I find the classic French 75 a perenially enjoyable cocktail. It's a simple but elegant affair of champagne spiked with gin and a splash of lemon. It's sort of a Tom Collins with an extra kick.
While the French 75's simplicity is part of its allure, it's also its Achilles heel. It's almost a little too simple. What can you do to dust off the old French 75 to breathe in some new life but keep its elegant character?
It just so happens that deep in my recipe file, the answer already exists. Back in my Trader Vic's days, one of my very favorite Tiki cocktails on the menu was one called the Colonel's Big Opu. In case you're wondering, "opu" is Hawaiian for belly. My best guess is there was some rotund military brass who who loved French 75s and was a regular at the bar, and Vic made this variation for him.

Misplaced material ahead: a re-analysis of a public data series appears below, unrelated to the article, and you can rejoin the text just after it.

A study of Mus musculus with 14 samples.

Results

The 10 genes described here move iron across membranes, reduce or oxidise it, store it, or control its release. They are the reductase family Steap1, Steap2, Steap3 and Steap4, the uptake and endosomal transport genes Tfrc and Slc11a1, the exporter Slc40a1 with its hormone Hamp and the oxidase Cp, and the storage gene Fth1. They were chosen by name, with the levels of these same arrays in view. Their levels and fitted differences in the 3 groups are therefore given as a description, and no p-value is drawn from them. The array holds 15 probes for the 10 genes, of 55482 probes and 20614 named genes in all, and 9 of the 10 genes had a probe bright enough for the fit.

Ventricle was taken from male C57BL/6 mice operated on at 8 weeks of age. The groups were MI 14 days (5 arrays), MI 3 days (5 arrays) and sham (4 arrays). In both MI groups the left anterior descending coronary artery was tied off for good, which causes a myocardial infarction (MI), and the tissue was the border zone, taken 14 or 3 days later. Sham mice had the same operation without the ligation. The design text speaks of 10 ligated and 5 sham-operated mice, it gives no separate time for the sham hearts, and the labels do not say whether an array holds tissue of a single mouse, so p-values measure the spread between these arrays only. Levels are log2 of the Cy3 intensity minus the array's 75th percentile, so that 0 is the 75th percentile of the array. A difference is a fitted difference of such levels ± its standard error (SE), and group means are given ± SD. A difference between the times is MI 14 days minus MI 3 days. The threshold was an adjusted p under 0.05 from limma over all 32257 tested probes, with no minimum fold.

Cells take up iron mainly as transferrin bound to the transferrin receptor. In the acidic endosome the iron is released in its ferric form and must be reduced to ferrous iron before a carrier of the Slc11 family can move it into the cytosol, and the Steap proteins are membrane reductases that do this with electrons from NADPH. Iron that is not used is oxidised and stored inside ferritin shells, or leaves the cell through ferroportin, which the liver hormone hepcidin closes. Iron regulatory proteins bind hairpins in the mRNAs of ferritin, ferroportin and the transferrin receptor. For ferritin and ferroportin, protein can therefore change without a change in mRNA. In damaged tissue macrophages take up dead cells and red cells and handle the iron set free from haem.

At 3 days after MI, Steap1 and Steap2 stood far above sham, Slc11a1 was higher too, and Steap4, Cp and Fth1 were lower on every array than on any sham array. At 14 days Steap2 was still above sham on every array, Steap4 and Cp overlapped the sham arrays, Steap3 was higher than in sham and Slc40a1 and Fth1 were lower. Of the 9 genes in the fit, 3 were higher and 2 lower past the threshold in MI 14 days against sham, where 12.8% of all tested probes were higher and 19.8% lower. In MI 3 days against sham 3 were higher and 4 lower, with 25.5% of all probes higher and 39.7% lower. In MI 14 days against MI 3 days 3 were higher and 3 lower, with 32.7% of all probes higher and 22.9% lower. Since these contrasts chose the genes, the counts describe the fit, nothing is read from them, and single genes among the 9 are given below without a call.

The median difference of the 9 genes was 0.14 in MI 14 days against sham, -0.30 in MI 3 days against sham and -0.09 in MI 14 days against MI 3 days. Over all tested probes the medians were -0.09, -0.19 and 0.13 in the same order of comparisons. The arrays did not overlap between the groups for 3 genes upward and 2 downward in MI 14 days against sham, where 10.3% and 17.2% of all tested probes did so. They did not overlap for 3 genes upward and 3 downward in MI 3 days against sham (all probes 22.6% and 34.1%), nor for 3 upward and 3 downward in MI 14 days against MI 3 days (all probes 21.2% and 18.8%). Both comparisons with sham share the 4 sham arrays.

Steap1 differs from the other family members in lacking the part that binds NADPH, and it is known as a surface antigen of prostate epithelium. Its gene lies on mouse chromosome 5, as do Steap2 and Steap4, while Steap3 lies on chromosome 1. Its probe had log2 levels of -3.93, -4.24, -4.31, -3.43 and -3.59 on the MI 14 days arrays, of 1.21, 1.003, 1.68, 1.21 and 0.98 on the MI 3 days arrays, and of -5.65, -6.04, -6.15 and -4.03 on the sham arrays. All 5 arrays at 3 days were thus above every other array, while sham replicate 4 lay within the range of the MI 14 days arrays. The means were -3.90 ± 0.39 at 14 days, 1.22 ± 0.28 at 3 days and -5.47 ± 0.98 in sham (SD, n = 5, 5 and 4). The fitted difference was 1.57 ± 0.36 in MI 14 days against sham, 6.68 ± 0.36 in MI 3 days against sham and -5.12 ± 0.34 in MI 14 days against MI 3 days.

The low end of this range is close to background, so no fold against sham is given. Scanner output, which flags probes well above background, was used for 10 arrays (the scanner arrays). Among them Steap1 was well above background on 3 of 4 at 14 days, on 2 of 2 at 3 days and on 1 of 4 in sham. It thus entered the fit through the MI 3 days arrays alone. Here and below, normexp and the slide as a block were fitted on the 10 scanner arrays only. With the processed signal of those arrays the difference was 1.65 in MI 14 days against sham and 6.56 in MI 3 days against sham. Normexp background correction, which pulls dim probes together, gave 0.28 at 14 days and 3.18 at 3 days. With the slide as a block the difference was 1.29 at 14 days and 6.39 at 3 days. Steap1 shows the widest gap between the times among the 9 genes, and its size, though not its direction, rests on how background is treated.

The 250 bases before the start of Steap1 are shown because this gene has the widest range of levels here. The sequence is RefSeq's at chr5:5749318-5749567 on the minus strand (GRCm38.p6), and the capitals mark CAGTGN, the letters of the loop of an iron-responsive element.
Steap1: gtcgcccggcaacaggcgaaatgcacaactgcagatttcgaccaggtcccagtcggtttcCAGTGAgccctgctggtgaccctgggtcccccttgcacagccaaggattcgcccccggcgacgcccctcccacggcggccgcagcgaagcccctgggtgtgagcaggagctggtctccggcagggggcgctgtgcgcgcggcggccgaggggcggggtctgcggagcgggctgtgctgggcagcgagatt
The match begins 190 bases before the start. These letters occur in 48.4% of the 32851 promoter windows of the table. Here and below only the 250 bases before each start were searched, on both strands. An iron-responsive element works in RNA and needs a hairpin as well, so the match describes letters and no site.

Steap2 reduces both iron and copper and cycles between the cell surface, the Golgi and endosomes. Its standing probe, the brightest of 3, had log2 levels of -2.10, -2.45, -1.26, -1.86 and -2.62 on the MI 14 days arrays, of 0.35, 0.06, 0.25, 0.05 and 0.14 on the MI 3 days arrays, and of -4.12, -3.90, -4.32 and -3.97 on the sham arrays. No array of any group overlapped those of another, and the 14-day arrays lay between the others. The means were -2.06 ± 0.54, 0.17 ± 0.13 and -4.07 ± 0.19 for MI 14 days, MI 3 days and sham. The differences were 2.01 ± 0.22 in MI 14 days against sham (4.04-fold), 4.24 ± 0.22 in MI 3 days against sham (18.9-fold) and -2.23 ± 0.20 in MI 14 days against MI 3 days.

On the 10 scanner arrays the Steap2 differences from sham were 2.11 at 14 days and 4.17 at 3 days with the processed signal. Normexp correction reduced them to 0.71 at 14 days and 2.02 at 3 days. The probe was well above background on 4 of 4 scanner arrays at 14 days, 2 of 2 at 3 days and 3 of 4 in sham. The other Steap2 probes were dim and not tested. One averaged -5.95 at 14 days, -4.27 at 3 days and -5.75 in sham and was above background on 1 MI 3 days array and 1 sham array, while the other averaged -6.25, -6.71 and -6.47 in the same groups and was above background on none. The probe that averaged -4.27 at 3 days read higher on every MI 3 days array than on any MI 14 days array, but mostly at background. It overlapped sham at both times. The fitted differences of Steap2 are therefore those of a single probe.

The ol' Colonel changes things up by subtly changing the focus of the drink. The French 75 is focused on the champagne, because the lemon is a classic pairing for champagne. The use of lime focuses the attention on the gin, as gin and lime go together like Fred Astaire and Ginger Rogers.
To give a little extra dimension to the drink, Vic used triple sec in place of the simple syrup. It's a great trick to keep under your hat when you think a drink needs a touch of sweetness but might need a little extra something. Note that different brands of triple sec have varying levels of sweetness; you may find that your finished cocktail needs a small dollop of simple syrup to balance everything.
While you can give this drink a good old hearty shake, I like giving everything but the champagne a quick whirl in the blender. Nothing too crazy, just a couple of seconds to break up the ice.
Colonel's Big Opu 1/2 ounce lime juice 1 ounce gin 1 ounce triple sec 2 ounces champagne
Blend lime, gin, and triple sec with 1 cup ice cubes in a blender on high speed for 5 seconds. Pour into a pilsner glass. Top with champagne.